Media All-Stars 2003: Laura Caraccioli-Davis

Linking products to entertainment properties creates new contact points with target audience.

Long before Madison Avenue ever crossed Vine, Laura Caraccioli was helping to pave that intersection. Armed with a vast knowledge of both media and programming, she played a pioneering role in the field of entertainment marketing.

And she continues to do so. In the past year, Caraccioli, senior vp/director of SMG Entertainment, engineered a variety of campaigns that define why she was chosen as a Media All-Star in non-traditional media. Among those campaigns are two that stand out: Kellogg’s Pop Tarts’ sponsorship of American Idol’s live tour, and Lego’s introduction of its Clikits brand, targeting girls ages 6 to 11.

Caraccioli notes that SMGE helped Pop Tarts sponsor Idol’s first live national tour in 2002. But it followed so closely on the heels of the program’s freshman success—the series launched in June, the tour kicked off in October—that there was little time to carry the campaign beyond traditional meet-and-greets, radio remotes and ticket giveaways.

Anticipating Idol’s continued success earlier this year, SMGE activated the second tour’s campaign on a store level to take advantage of licensing opportunities. In conjunction with Idol’s summer tour, Kellogg introduced a line of frozen Pop Tarts with the show’s logo branded on the boxes. Caraccioli says SMGE broke new ground in merchandising the brand because many stores moved the new flavors from the snack and cereal aisles to the freezer case. Idol’s brand strength is so strong, she adds, “stores were more apt to move the flavors front and center, because consumers gravitated toward them.”

SMGE also brokered a deal with Ticketmaster through which Kellogg offered exclusive blocks of concert tickets available only via the Pop Tarts Web site. Following a successful viral marketing campaign, Caraccioli says, the initiative sold one-quarter of each venue in 40 markets nationwide.

For Kellogg, the tour was a huge success. “Our base business grew a lot on our core brands, and it helped us to launch new products,” says Scott Hamric, associate director of marketing for Kellogg. “To have that many wins associated with a partnership is outstanding.”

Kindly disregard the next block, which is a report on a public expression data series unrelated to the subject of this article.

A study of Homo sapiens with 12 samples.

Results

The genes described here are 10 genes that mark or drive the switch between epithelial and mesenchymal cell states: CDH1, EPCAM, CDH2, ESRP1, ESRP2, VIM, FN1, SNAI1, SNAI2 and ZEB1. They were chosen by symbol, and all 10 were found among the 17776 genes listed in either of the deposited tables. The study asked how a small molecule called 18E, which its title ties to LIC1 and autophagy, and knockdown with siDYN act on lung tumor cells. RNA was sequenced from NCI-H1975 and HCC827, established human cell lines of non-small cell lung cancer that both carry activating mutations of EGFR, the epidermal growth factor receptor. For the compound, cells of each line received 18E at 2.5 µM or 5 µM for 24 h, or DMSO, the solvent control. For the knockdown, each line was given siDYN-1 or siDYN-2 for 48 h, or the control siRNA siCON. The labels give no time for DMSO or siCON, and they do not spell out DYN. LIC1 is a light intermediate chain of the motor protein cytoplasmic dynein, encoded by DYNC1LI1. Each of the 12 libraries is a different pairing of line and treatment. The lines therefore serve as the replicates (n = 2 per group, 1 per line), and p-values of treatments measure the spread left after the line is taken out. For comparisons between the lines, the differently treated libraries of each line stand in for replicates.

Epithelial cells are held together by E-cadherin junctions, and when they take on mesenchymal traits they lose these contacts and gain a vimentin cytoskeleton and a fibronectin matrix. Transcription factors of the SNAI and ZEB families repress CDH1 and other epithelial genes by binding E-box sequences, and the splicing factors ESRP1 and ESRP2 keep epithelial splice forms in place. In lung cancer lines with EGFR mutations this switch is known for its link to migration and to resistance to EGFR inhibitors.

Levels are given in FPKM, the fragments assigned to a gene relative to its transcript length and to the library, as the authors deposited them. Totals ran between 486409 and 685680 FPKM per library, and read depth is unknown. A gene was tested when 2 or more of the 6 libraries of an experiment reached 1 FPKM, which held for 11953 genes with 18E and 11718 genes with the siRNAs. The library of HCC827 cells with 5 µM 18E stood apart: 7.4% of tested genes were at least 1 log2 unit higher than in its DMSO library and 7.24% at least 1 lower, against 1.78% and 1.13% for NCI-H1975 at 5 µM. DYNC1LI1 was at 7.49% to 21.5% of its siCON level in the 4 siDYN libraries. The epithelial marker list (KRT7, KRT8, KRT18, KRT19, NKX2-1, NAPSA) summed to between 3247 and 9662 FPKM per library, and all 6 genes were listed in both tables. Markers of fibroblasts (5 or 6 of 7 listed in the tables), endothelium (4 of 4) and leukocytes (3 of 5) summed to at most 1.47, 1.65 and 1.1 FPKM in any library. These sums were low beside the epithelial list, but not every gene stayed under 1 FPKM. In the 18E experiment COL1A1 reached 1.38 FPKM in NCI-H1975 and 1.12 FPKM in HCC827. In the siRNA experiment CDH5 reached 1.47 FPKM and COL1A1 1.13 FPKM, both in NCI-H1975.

The second campaign Caraccioli engineered revolved around Lego’s introduction of Clikits. The toy line features click-and-play pieces in the shapes of stars, hearts, and flowers that join to create picture frames and jewelry. As a licensee of Harry Potter merchandise, which drew strong sales among young girls, Lego saw an opportunity to target that demo with other products. With two girls of her own, ages 4 and 7, who better to talk to that demo than Caraccioli?

Although the conventional approach to such a campaign might have been TV advertising, Caraccioli says “there was a smarter way to talk to girls 6 to 11.”

She used the marketing dollars allocated for TV to partner with Sony Music and its Swedish girl-pop band Play. Masking its communication plan as a quasi-celebrity endorsement deal, Caraccioli says inserts appeared inside Play’s CDs, which drove consumers to the Clikits Web site. Play’s band members wore Clikits jewelry at events. There was even a design sweepstakes, with the first prize a concert and meet-and-greet at the winner’s school.

Clikits ads also were featured in the Limited Too’s so-called “catazine,” which had never before featured ads for other brands. Between Sony and Limited Too, Caraccioli says the campaign “created contact points with the consumer that didn’t exist before.”

For many who have watched Caraccioli’s career over the years, both the Kellogg and Lego campaigns underscore the effectiveness of her innovative approach to entertainment marketing. “In an area that’s full of hype, Laura has her feet firmly rooted in the tangible,” says Nick Brien, president of corporate business development at SMG. “For Laura, it’s not just about the big, sexy idea. It’s about ideas that work.”

Of course, Caraccioli credits her seven-member team—Kathryn Thomas, Tom Weeks, Amy Harris, Meghan Stutzman, Laura Baruch, Allison Walwyn and Angela Lopez—with much of her success.

Prior to joining SMGE—then known as Starcom Entertainment—in 1995, Caraccioli worked in program sales and content development for a number of production and syndication companies. From the outset, she says, she was drawn to children’s programming and products, an attraction that only was enhanced by the birth of her own children. And if, before they were born, she spent way too much time at Toys R Us, she jokes, “now I have an excuse.”

A.J. Frutkin is a senior editor at Mediaweek.